Extinction Rebellion protesters Tom (right) and Chris being arrested after locking themselves to a boat trailer last week.
Extinction Rebellion protesters Tom (right) and Chris being arrested after locking themselves to a boat trailer last week.

Protester vows: ‘New laws won’t stop us’

A CLIMATE activist who locked himself to a boat trailer last week has promised more protests in Brisbane within weeks.

Climate activist Tom Howell was arrested last week after he blocked four lanes of traffic by using a lock on device with another protester in the CBD on Thursday.

The pair livestreamed the incident using a phone that was glued to one of their hands after they used a metal pipe to lock on to a trailer that was towing a pink boat.

The trailer was attached to a car that had another two protesters - including serial protester Eric Herbert - locked on through the front windows.

Mr Howell said the stunt was designed to get the attention of the Premier Annastacia Palaszczuk outside the 'Tower of Power' after she vowed to fast track new laws to stop the use of lock ons in demonstrations.

"We decided to make a big submission outside 1 William St," he said.

"Lock ons are only ever designed to make (the protest) last longer - never to injure or maim. It's just a physical barrier between them moving you."

Mr Howell was charged with obstructing a roadway and was fined $800 for his part in the protest, and said it wouldn't stop him from doing it again.

"I guess we just have to carry on or it will all be for nothing and we don't have much time left," he said.

Mr Howell said activists knew they were under police surveillance during what was touted as a week of rebellion for the movement across the world.

Extinction Rebellion protesters Tom and Chris inside a paddy wagon last week.
Extinction Rebellion protesters Tom and Chris inside a paddy wagon last week.

"We had police in cars with listening devices. They had undercover cops outside our houses. We kind of expected it," he said.

"We did a test of our text messages, because the day before, the police had been waiting for us at certain points when things were meant to happen, so Wednesday was a quieter day because of that."

"Then we started sending dummy text messages saying 'we'll meet you at this point' and we sent someone to look and the cops had rushed there, so they were monitoring our phones. As soon as we stopped using text, they had no idea what we were doing."

He said the group are also aware that they may have been infiltrated by non-activists.

"We operate under the assumption that there is a spy, and people who report back," he said.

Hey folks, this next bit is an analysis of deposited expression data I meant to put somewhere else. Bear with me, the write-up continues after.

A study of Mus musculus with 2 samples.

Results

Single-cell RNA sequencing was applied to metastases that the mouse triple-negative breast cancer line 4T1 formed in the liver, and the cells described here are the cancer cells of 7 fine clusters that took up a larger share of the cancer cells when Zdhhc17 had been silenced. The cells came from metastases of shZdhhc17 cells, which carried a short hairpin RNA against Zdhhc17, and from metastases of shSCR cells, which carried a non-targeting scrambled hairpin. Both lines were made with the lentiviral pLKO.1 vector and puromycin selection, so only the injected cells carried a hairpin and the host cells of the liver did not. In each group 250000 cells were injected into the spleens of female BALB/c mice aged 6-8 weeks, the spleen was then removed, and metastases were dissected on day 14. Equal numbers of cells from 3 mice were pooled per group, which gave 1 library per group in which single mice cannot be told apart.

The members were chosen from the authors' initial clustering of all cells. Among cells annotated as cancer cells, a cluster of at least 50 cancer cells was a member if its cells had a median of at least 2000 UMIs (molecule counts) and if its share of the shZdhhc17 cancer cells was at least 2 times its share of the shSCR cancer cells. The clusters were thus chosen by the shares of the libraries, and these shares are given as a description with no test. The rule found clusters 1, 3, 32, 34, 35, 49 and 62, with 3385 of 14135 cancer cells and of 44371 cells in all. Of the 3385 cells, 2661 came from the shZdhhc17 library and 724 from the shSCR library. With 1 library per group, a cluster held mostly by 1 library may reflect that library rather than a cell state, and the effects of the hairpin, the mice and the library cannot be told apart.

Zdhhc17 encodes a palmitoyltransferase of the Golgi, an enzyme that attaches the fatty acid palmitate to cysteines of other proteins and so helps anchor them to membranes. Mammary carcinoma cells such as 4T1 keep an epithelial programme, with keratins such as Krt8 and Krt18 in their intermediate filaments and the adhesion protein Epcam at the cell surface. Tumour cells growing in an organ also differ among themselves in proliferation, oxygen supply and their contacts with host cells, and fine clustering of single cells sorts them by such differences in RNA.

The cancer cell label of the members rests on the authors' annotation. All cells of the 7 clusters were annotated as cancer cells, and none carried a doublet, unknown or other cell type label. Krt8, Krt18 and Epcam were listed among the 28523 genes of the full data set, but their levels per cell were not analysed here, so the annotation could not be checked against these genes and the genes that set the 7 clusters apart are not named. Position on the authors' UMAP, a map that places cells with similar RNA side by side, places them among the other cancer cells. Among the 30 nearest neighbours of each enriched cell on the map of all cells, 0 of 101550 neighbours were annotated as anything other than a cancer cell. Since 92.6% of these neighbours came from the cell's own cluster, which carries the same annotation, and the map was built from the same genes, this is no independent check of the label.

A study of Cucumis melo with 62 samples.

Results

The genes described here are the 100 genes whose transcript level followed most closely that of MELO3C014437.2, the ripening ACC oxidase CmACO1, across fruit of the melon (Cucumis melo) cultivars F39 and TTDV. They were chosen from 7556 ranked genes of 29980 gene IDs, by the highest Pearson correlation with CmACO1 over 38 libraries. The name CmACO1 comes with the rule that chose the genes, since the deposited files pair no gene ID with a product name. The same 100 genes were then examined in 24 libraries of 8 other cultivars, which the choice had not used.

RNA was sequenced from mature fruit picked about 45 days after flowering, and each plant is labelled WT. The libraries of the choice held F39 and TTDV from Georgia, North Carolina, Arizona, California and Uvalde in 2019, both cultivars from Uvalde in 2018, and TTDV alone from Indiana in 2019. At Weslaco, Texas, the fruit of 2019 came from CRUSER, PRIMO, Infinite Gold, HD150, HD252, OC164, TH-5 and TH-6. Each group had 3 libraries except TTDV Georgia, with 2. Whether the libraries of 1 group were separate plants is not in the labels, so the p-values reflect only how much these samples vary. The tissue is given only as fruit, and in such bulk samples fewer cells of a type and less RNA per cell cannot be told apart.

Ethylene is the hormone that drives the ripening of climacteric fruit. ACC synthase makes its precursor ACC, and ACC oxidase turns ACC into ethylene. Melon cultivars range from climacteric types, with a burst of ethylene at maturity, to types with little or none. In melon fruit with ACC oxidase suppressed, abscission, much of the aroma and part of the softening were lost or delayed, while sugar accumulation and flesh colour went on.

"We kind of know from stories that come out that they know things that they'd only know from people who are coming to meetings and are in some groups."

Extinction Rebellion protester Eric Herbert locked on to a car that was towing a pink boat during last week's protest. Protesters Tom and Chris were locked on to the boat trailer.
Extinction Rebellion protester Eric Herbert locked on to a car that was towing a pink boat during last week's protest. Protesters Tom and Chris were locked on to the boat trailer.

Despite police scrutiny, activists were able to stage their biggest stunt yet on Thursday.

"There were two bright pink boats with the Extinction Rebellion logo all over them that managed to drive straight into the city, absolutely undetected. People got out of their cars, got everything ready and locked themselves on," he said.

"I think one person on George St got caught before they managed to lock on, but that was one person out of 19 who got stopped. I'm not sure if (the police) were just a bit asleep on Thursday."

Police haven't raided protester's homes, but Mr Howell said it was likely with the introduction of the new laws.

"We have nothing illegal at our houses," he said.

"I don't know that they'd have the grounds to raid our house based on protesting activity, but with the new laws, it will give them powers to stop us in our cars, on the streets and raid our houses. I get the feeling they're waiting for that."

Tom Howell stopped traffic by chaining himself to metal fencing using a bike lock earlier this month.
Tom Howell stopped traffic by chaining himself to metal fencing using a bike lock earlier this month.

But he said even the threat of the new laws won't stop activists from protesting.

"Blocking traffic is illegal, and the act of putting yourself or someone else in danger is illegal, so the existing laws are there to punish us for what we do," he said.

"This is just going to mean jail time and that our houses can be raided, but it won't stop people because you can't outlaw bike locks and superglue."

"It will be very interesting to see if they start arresting people for having a bike lock on them. No matter what the law is, people just get creative and get around it. And people will still use lock ons and just face the punishment."

Mr Howell said Extinction Rebellion SEQ had been flooded with support since their involvement in the week of rebellion.

"We're wondering whether we should've stopped on Friday or whether we should've carried on to Monday, but I think it's good to reflect and learn," he said..

"We're just getting inundated with support, so it's just making sure we go forward in the right way."

He also promised there would be more protests to come.

"You can expect to see more in the next few weeks. Absolutely," he said.

"We just want to make sure it's done safely and effectively, and that we make sure all the people who've now been inspired and want to do it now have that same level of understanding and training that we gave to people before Rebellion Week. I think that's why you didn't see violence erupt."

"It was quite a week. We're definitely going to carry on from here."